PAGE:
Nine dashes, five judges, two contestants. It sounds like a reality television show. In fact, it is the rather obscure — but very important — beginning of a process to delineate fiercely disputed Asian maritime borders according to the rule of law, rather than the law of the jungle.
The nine dashes belong to China. They mark what Beijing says is its historical claim to most of the South China Sea, a vast waterway that borders several other Asian countries. The five judges have been chosen to sit on a tribunal that will determine the validity of that claim under the United Nations Convention on the Law of the Sea (Unclos). The two contestants are the Philippines, which brought the case, and China, whose nine-dash line is being challenged. Strictly speaking, there is only one contestant, since Beijing, though a signatory of Unclos, has not deigned to recognise the process.
Asian countries, particularly the not inconsiderable number that have maritime disputes of their own with China, are watching the case with intense interest. Few, though, have dared say much in public for fear of offending Beijing. Whether you judge it plucky or rash, the Philippines has gone out on a limb.
Manila’s hope is to put its bilateral dispute with Beijing over the ownership of waters and islands close to the Philippine coast to international arbitration. There is an air of desperation about its gambit, which suggests it sees no possible progress through dialogue. Professor Jerome Cohen, an authority on Chinese and international law at New York University School of Law, says the Philippines “bombshell” has shocked Beijing with its audacity.
The case, launched in January, will take perhaps four years to chug through the Unclos system. It has potentially huge implications for a region riddled with explosive territorial disputes, including that between Japan and China over uninhabited islands in the East China Sea.
The Philippines has asked Unclos to adjudicate on the validity of the nine-dash line, produced by China in 1947 to illustrate what it said was its longstanding jurisdiction over almost all the South China Sea. That claim overlaps with the Philippines’ 200 mile economic exclusion zone extending from its coastline.
The case will proceed with or without China. Beijing waived its right to nominate arbitrators, but they have been nominated anyway. The first thing they will have to establish is whether Unclos has jurisdiction in the case. It may not.
Concluded in 1982, the convention is actually quite narrow in scope. Mostly, it confines its activities to matters such as whether a rock counts as an island — and thus whether it generates a 12-mile (19.3km) territorial sea and a 200-mile exclusive economic zone. The question of whether the island belongs to country Y or country X does not fall under its remit.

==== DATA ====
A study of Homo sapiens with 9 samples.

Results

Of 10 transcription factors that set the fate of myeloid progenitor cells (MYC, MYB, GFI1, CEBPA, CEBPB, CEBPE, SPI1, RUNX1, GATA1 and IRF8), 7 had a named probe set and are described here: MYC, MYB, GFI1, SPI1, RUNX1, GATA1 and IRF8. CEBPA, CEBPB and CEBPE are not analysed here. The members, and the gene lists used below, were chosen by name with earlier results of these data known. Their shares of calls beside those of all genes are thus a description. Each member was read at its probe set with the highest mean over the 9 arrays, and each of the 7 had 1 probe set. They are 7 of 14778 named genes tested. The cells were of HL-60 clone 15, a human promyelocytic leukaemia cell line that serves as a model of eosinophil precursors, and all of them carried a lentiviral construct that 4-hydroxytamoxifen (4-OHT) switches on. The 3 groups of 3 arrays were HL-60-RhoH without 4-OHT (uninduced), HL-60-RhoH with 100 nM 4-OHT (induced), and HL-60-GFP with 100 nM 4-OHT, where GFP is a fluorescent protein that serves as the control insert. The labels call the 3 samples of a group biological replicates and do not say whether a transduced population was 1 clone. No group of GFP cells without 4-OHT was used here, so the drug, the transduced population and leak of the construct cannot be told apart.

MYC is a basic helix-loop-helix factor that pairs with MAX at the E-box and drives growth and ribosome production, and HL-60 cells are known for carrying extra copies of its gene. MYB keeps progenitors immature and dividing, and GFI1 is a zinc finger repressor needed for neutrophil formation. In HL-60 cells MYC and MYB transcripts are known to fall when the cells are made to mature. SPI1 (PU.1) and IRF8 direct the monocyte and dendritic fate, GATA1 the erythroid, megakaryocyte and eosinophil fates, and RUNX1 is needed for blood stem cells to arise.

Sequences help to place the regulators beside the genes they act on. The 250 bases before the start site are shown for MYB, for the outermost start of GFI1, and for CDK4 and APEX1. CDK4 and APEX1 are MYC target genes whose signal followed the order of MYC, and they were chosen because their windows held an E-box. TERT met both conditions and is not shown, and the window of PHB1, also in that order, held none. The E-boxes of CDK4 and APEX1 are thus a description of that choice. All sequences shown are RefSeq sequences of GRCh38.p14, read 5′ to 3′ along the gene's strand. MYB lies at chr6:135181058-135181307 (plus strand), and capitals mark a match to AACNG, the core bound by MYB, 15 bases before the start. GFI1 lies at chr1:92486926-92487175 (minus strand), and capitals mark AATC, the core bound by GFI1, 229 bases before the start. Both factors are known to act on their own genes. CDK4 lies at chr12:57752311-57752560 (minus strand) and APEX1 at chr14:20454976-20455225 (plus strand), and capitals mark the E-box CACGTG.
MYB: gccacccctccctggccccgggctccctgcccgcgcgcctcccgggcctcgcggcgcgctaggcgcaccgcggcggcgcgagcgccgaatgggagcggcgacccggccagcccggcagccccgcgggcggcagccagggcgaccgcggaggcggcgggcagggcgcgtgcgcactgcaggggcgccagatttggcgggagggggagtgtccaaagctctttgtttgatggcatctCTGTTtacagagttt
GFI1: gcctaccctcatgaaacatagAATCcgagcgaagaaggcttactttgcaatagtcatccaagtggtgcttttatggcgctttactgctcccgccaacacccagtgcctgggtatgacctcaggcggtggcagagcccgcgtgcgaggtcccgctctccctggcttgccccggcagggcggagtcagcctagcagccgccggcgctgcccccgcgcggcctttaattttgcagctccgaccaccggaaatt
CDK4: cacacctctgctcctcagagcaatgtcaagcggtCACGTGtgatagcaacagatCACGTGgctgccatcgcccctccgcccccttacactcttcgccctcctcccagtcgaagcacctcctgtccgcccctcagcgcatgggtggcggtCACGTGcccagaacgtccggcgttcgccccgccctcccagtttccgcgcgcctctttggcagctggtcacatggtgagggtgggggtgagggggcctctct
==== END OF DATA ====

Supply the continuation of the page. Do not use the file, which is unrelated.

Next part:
Even if Unclos declares itself competent to judge the case, there are at least three things to bear in mind before we become too excited. First, contrary to what is often assumed, international law is not some Newtonian absolute. Rather, it is a set of common rules agreed by nations that emerged from a post-Second World War order and whose realities it reflects.
Second, there is very little “morality” when it comes to territorial disputes, no matter how loud countries shout about their inalienable rights. In most cases, it is the job of international law to decide who grabbed which territory first. Nation states with their fixed borders are a relatively new phenomenon. Today’s boundaries have more to do with armies and warships than righteousness.
Third, the case for international law is undermined by the fact that the US, in whose image the postwar order has been created, often stands on the sidelines. Washington, for example, has never ratified Unclos. That makes it hard to insist that Beijing should abide by its decisions.
To cite just one example of how Washington has thumbed its nose at international law when it is inconvenient: In 1986, the International Court of Justice (ICJ) ruled that the US had violated Nicaragua’s rights by mining its ports and funding the Contra rebels. Ronald Reagan, the then American president, simply ignored the decision. Might is generally right. Yukichi Fukuzawa, the great 19th-century Japanese student of western thinking, learnt the lesson well. “One hundred volumes of international law are not the equal of a few cannons,” he concluded.
That does not mean the Philippines is wrong to bring the case. It has done the right thing. It is just a shame that other countries have not been plucky enough to test their claim through international arbitration. Step up, Vietnam, Japan and Indonesia.
One day, China may even participate in such a procedure itself. Professor Cohen tells the story of when, in 1972, he suggested to Zhou Enlai, China’s premier, that Beijing should name someone to sit on the ICJ. The room fell silent before Zhou roared with laughter at the very idea of communist China joining “a racist, bourgeois institution that would never give [it] a fair shake”.
Yet, just over a decade later, China did exactly as Cohen had suggested and nominated a candidate to the ICJ. If the Philippines waits long enough, it may yet get its day in court.